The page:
Africa
The Obô snail's shell alone can reach a whopping 13.5 centimetres © Vasco Pissarra
01 Apr 2020

Protecting the forest giants

On the remote African islands of São Tomé and Príncipe, conservationists are using education and storytelling to protect a unique snail and the forest it lives in – before it gets forgotten forever.
© Ghana Wildlife Society
12 Mar 2020

Marking World Wetlands Day in Africa

On the first Sunday of February every year, the world marks World Wetlands Day to raise awareness of the vital role played by wetlands. This year, BirdLife partners across Africa celebrated the theme: “Life thrives in Wetlands”.
Cattle rearing is a major economic activity in Botswana © Clarissa Hughes
06 Mar 2020

Tackling human-wildlife conflict through community engagement

In rural Botswana, human-wildlife conflict is affecting the livelihoods of local communities. BirdLife Botswana is engaging local communities to address this problem.
The Taita Apalis is one of the rarest birds in the world, found only in Kenya’s Taita Hills © Pete Steward.
25 Feb 2020

Species on the brink: saving the Endangered Taita birds of Kenya

Across the expansive Taita Plains in Southern Eastern Kenya rise majestic densely-forested hilly outcrops straddling the skyline near the historic town of Voi. These hilly outcrops, famously known as the Taita Hills occupy an area of about 250 square kilometers.
El Haouaria, Tunisia © Mehdi Ben Gharbia/ Flickr
21 Feb 2020

Call for Proposals in Tunisia: making private sector practices sustainable

On behalf of the Critical Ecosystem Partnership Fund, BirdLife announces a new small grant Call for Letters of Inquiry for projects focused on the future Marine Protected Area of Zembra and Zembretta

Red List appeal: help us continue to identify which birds most need our help

 

Local women  processing shea butter  in the south of Burkina Faso © Seydou NACRO
19 Feb 2020

Birds, Bees and Business: Empowering Local Communities in Burkina Faso

In Burkina Faso, a unique project on biodiversity conservation is improving the livelihoods of local communities.
Echo Parakeet female © Jacques de Speville
24 Jan 2020

No longer Endangered: the Echo Parakeet’s 100-year recovery plan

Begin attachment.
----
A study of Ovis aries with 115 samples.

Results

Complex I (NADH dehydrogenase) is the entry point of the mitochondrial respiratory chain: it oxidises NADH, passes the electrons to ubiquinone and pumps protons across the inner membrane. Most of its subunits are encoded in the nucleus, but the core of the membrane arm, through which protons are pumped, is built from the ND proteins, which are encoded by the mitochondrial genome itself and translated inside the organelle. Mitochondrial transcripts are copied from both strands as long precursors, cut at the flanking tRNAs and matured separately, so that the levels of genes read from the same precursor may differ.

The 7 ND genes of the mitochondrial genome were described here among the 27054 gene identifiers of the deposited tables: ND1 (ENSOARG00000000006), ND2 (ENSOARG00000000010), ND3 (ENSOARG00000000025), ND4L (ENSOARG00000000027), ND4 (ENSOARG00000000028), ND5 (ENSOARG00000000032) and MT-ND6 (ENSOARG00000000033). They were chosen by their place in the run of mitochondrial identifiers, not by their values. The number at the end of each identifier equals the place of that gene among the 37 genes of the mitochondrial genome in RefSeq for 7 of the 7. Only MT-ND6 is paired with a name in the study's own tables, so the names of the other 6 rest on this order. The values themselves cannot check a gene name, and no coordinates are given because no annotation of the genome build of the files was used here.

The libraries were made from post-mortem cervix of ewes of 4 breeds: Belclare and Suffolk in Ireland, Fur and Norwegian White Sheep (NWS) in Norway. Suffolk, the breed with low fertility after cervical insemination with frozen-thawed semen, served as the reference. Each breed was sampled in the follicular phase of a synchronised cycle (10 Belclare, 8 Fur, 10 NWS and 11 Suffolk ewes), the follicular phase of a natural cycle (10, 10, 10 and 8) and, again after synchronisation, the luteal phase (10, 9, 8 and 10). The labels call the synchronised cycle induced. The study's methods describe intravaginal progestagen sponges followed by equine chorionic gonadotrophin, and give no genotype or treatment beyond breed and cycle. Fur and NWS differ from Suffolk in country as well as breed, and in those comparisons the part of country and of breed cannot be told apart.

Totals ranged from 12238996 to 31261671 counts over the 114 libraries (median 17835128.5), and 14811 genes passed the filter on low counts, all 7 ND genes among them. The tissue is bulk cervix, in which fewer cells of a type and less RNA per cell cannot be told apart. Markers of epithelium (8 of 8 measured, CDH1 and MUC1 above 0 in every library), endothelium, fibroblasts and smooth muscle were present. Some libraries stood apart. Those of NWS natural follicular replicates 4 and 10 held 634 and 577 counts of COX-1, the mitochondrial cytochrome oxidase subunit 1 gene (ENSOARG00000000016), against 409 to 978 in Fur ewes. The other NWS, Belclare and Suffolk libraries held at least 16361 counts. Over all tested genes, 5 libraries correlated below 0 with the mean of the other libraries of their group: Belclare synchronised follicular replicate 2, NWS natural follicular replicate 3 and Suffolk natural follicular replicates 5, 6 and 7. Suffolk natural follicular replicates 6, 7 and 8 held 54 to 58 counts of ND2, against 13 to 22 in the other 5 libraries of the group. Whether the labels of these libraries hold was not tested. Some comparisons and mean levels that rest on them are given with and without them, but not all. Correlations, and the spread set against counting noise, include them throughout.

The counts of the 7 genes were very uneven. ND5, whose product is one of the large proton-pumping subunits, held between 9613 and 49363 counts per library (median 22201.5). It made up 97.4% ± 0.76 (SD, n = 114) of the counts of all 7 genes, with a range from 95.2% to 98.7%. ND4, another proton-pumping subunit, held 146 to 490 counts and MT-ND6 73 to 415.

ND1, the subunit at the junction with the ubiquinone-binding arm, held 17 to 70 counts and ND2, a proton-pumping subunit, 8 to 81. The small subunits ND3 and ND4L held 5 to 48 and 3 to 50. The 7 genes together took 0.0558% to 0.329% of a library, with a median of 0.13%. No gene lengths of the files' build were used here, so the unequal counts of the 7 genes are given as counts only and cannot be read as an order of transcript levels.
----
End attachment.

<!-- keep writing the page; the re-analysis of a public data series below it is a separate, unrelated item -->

In this year’s Red List update, the Echo Parakeet moved from Endangered to Vulnerable – an impressive recovery for a species that once numbered just a dozen birds. But successes like this aren’t built in a day, or even a decade. Find out how Mauritius’ conservationists made it happen.
During the breeding season, the Madagascar Pond-heron has white plumage and a vivid blue beak     © Gilles ADT
03 Jan 2020

A world first: Six Madagascar Pond-herons fitted with GPS trackers

In late 2019, a team of scientists and conservationists undertook a mission to capture and fit tracking equipment to Madagascar Pond-herons. This ongoing study is building upon the knowledge of the species and will aid its conservation.
Grey Crowned Cranes at lake Ol’ Bolosat KBA in Kenya © Fabian Haas
10 Dec 2019

15 Conservation Lessons from the Eastern Afromontane Hotspot

After seven years, the CEPF investment in the Eastern Afromontane Biodiversity Hotspot is wrapping up this month. During this time, 101 grantees will have completed 160 conservation projects across 13 countries, collecting an astounding amount of knowledge about what works in conservation.
© Nature Kenya
15 Nov 2019

Celebrating World Migratory Bird Day across Africa

The World Migratory Bird Day (WMBD), celebrated every year in May and October seeks to raise awareness on migratory birds and the need to conserve them. These birds travel over thousands of kilometres, in search of suitable conditions for feeding and breeding.
© Shutterstock

Who we are

Who we are

The BirdLife Africa Partnership is a growing network of 24 such organisations, with a combined total of more than 500 staff and 87,000 members. Learn more about BirdLife Africa

What we do

What we do

BirdLife Africa Partnership emphasises developing positive linkages between birds, biodiversity and the livelihoods of people. Read more about our Programmes in Africa.

Support us

Support us

Together we can impact the future for Africa’s people and nature. Read about how you can get involved.

Where we work

Where we work

We work in the most well-endowed continent in the world, stretching from the northern temperate to the southern temperate zones. Read more about our local network.